Airtel Africa’s Group CEO, Dr. Segun Ogunsanya has challenged the telecommunications industry in Africa to leverage emerging technologies to enable all people in the continent to connect, engage, and transact with the rest of the world.
Speaking at the recently concluded Mobile World Congress in Kigali, Ogunsanya noted that through these technologies, telecom players have an opportunity to step up efforts to bridge the digital divide, drive financial inclusion, and deepen the availability of affordable smart devices. He cited Generative Artificial Intelligence (GenAI) as a powerful tool for predicting customer behavior and deepening insights about customer needs and preferences. Opportunity also exists in intelligent connectivity, a concept that foresees the combination of 5G, the Internet of Things (IoT), and Artificial Intelligence (AI) to accelerate technological development and enable new disruptive digital services.
“The telecom industry is in a unique position to make it easier for people to enter the digital world by deploying these technologies,” said Ogunsanya. “This is through significant investments in building digital highways across Africa while creating a vibrant mobile money ecosystem.”
Ogunsanya added that through collaborations with equipment manufacturers and other key stakeholders, telcos can put smart devices in the hands of every African.
The Airtel Africa Group argued that a significant proportion of Africa’s young population remains unreached with 59% smartphone penetration and only two out of ten Africans have a mobile money wallet.
Emerging technologies can be used in AI-aided e-learning to design the best curriculum based on students’ learning abilities, e-health to improve patient monitoring and more efficient health facilities, Agritech that uses AI and connectivity in crop disease detection tools, and financial inclusion, by triangulating the digital highway, unified payment system and intelligent mobile wallets.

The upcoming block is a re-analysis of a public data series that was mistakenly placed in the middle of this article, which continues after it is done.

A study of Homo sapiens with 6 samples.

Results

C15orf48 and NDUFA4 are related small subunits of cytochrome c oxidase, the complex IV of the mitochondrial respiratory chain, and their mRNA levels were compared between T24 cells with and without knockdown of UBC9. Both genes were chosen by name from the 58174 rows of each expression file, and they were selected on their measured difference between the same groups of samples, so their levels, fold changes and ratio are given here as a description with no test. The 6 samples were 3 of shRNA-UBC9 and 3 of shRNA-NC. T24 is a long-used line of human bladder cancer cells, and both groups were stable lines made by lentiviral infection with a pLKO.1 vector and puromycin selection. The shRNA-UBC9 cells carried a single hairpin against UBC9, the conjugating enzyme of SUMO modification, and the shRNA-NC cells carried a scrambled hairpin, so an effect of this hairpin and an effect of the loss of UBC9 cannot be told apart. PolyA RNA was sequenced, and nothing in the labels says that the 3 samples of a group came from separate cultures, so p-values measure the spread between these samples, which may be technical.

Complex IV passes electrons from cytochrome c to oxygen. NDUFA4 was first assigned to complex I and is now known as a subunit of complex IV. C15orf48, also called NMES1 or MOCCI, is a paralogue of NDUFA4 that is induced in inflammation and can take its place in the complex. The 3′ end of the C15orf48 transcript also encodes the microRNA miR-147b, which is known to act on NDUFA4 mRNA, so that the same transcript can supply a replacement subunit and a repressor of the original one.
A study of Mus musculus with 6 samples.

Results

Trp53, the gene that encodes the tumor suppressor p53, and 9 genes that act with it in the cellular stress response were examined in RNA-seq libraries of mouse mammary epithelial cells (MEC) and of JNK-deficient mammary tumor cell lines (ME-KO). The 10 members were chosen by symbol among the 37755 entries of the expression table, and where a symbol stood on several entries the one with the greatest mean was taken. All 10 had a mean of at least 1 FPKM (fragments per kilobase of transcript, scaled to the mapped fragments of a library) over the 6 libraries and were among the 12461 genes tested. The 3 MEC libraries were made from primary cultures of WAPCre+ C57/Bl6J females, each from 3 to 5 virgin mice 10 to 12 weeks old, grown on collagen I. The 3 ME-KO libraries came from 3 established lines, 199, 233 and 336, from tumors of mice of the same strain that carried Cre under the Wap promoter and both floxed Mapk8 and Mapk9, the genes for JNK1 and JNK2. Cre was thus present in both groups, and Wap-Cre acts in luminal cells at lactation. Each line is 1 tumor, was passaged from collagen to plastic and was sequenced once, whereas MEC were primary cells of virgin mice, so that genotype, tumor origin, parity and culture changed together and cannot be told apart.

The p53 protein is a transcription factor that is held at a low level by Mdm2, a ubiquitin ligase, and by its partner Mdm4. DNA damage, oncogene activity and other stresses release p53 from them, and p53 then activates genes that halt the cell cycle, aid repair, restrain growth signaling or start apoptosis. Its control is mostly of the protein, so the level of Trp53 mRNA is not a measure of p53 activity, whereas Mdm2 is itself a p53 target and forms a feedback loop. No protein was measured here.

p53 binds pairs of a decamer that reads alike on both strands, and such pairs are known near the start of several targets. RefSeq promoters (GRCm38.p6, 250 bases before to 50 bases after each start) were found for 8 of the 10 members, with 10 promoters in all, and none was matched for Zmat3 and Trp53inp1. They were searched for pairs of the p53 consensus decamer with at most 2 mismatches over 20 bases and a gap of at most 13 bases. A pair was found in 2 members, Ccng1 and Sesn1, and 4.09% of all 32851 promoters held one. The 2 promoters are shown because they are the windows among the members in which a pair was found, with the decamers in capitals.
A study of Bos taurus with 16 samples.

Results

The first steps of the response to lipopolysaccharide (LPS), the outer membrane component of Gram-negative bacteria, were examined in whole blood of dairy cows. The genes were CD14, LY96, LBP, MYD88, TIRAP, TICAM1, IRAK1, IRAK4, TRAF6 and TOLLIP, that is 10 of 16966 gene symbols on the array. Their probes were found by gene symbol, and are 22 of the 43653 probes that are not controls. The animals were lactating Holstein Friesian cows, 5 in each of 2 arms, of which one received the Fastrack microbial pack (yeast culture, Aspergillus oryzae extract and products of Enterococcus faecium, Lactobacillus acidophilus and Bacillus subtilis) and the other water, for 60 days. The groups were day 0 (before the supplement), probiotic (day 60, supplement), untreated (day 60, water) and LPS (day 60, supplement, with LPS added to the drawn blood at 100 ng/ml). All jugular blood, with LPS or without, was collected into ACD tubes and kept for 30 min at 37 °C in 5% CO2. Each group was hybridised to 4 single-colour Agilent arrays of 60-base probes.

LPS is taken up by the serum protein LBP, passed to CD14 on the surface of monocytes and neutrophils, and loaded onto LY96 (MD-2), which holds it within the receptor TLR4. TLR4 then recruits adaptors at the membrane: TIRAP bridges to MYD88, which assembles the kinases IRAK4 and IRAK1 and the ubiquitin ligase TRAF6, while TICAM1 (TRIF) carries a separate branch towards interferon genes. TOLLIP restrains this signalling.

The technologies can be used in smart cities for safe communities and efficient public utilities, development planning to predict population movements and help governments in designing urban and rural development, and smart metering for accurate measurement of usage, enhanced sustainability, and improved customer experience. Biometric technology can be used for authentication, privacy, access control, and non-repudiation.
Airtel Africa is currently rolling out its 5G network across its 14 markets in Africa intending to facilitate a digitally connected world and unlock a broad range of opportunities.
Notably, Airtel Africa recently announced a collaboration with the Government of Rwanda to provide over 1 million people in the country with affordable high-speed, cutting-edge LTE smartphones.
Ahead of the Mobile World Congress, the two parties launched a budget-friendly 4G smartphone, making strides toward bridging the digital divide in Rwanda. The smartphone, priced at USD$16.5 (approx. 20,000 Rwandan Francs), comes with a minor monthly fee of USD$0.8, making it an affordable choice for many. Besides the smartphone, subscribers will also benefit from 1GB of data daily and unlimited calls to any network in Rwanda, further promoting digital connectivity.